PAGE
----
Aïsha Devi’s stare burns onto her machines with the intensity of a laser. To her back, left and right, a flickering, kaleidoscopic series of visuals and lights looms above the packed space of Oslo, Hackney. A deafening sub-bass erupts across the room, hammering the ears, chest, teeth and hair of everyone it crosses, burrowing deep into bodies as two more frequencies, higher pitched now, weave like serpents into the vibrating mix. Devi moves forward, standing solitary above a crowd of transfixed followers. She raises her microphone, breathes in, and unleashes a howl.
For the next hour, the Geneva-based artist uses her hardware set-up and unflinching voice to veer from deconstructed, ethereal trance to enveloping noise and punishing rave-inspired beats, crafting an experience that is at once cathartic and challenging, harrowing and invigorating. Without pause, she courses through cuts from her recent sophomore LP ‘DNA Feelings’ and her 2015 debut ‘Of Matter and Spirit’ — both released on Houndstooth — as well as numerous experimental sounds that live exclusively in her live set. Once finished, the crowd slowly shakes free from her spell and she smiles, walks again to the front of the stage and says, “Thank you for letting us elevate together”.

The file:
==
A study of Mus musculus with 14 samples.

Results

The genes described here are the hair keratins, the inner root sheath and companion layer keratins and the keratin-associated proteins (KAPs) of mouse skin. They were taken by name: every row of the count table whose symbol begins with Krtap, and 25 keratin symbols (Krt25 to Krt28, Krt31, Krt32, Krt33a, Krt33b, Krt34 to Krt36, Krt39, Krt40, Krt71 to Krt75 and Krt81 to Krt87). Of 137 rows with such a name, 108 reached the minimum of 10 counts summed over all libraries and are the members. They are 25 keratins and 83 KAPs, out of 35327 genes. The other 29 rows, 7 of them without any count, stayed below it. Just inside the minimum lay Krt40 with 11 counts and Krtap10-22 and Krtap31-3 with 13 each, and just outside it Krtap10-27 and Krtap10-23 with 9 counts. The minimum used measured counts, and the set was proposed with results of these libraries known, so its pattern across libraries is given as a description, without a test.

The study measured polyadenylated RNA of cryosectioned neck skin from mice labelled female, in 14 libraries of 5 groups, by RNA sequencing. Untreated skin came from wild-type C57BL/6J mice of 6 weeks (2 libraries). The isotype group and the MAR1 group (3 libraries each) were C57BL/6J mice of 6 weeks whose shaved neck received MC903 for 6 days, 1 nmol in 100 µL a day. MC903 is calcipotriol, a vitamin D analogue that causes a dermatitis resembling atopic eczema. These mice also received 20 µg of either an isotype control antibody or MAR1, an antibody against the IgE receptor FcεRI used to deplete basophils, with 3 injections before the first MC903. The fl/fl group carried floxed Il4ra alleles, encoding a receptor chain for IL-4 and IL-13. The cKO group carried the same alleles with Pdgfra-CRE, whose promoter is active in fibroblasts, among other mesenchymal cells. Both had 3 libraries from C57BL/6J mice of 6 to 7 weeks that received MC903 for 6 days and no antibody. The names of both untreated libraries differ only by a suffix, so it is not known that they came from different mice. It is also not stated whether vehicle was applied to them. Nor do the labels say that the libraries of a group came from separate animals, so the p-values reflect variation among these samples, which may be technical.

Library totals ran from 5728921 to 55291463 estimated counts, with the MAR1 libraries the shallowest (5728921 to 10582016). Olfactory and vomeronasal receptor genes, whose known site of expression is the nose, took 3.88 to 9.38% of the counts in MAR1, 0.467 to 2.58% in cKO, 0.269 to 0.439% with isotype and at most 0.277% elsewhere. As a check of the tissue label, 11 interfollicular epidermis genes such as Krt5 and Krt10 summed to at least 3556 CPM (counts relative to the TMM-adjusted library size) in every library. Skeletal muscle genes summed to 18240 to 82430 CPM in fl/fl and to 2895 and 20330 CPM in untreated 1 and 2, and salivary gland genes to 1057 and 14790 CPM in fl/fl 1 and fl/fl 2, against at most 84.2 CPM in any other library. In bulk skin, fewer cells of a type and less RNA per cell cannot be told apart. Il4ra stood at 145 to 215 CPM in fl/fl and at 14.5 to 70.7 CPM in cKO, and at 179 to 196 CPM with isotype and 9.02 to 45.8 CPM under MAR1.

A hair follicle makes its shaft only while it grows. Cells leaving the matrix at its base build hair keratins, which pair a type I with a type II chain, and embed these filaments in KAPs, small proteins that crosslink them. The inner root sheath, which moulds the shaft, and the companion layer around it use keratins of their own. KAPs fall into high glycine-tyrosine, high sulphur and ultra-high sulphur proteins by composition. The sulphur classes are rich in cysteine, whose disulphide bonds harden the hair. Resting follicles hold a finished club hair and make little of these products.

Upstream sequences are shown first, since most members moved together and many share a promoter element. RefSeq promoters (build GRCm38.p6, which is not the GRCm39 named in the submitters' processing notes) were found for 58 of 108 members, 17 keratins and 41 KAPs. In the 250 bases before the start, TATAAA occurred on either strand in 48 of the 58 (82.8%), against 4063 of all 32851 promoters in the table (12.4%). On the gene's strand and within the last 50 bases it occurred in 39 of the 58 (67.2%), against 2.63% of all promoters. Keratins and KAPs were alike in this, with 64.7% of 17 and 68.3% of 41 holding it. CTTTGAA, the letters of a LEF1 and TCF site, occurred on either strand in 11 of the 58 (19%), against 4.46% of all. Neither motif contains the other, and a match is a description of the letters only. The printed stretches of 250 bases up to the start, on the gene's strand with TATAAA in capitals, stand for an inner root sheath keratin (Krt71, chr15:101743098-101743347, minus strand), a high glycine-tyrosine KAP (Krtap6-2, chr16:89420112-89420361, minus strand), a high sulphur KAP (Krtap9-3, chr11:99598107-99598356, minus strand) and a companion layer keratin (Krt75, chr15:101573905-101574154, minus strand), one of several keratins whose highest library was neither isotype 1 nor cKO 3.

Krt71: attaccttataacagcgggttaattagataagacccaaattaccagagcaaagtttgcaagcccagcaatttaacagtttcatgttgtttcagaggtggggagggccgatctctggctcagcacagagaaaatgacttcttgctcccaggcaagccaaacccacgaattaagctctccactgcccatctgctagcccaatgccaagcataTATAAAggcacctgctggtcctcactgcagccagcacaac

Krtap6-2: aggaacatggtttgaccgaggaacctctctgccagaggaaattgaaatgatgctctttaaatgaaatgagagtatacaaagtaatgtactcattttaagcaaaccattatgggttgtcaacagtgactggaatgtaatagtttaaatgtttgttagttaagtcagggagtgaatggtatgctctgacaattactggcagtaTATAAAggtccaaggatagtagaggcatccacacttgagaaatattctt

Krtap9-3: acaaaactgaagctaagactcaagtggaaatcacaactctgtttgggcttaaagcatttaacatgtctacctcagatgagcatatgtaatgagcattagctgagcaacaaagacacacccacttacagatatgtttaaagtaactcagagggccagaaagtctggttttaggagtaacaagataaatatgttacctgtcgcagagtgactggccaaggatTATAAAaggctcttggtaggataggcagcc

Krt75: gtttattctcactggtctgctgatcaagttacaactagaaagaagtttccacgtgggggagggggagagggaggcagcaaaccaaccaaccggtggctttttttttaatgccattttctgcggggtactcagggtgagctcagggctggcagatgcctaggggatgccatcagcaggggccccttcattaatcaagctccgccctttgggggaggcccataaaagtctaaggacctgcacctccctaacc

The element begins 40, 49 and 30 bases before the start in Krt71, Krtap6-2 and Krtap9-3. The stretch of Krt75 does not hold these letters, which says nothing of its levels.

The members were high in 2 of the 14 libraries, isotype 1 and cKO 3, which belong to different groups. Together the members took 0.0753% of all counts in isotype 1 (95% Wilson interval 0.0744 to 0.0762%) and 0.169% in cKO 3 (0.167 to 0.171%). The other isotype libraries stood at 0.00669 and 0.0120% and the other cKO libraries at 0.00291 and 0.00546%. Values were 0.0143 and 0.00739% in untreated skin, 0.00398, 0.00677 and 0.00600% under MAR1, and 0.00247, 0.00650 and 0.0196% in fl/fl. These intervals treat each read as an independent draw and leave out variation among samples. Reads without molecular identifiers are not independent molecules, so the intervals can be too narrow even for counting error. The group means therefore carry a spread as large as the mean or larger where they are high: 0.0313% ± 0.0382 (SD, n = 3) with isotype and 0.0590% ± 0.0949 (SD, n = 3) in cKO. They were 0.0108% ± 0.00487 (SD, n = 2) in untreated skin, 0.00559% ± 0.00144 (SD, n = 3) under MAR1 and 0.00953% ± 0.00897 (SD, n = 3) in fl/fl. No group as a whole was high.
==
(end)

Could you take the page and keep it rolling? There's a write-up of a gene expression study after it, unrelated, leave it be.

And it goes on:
“You can heal yourself with frequency,” she tells DJ Mag the following day, sat outside Dalston’s Café OTO in the blazing sun. “My goal is to make people understand that frequency is all around us but that it is really badly used. We are full of parasite frequencies that have untuned the whole earth. Your fridge is sending frequencies, your Mac, your telephone. There’s all this amazing technology in our hands but we are receiving the bad impact of it. It’s consciously used to control people. I think now it is time that we as artists, as humans, reclaim its power.”
It quickly becomes apparent when speaking to Aïsha Devi that her intention extends far beyond just making albums and playing gigs. For her, music is revolutionary, spiritual, political and scientific. Where those “parasite frequencies” surround and ensnare us, she wishes to infiltrate with frequencies of her own in order to liberate, awaken and elevate whoever will hear them. By using the right sounds, wound together like DNA, she believes we can alter our consciousness and be empowered, cured and freed, at least in part, from the burden of physical reality and its societal pains.
“We are overcome with music that hypnotises us on a very low level,” she explains. “Music is used in a subliminal way to make you into a perfect little consumer in society, to control and induce your desire in pop culture and in capitalism. I’m calling music to come back to ritual, to the healing aspect, to the opposite of what it is now.”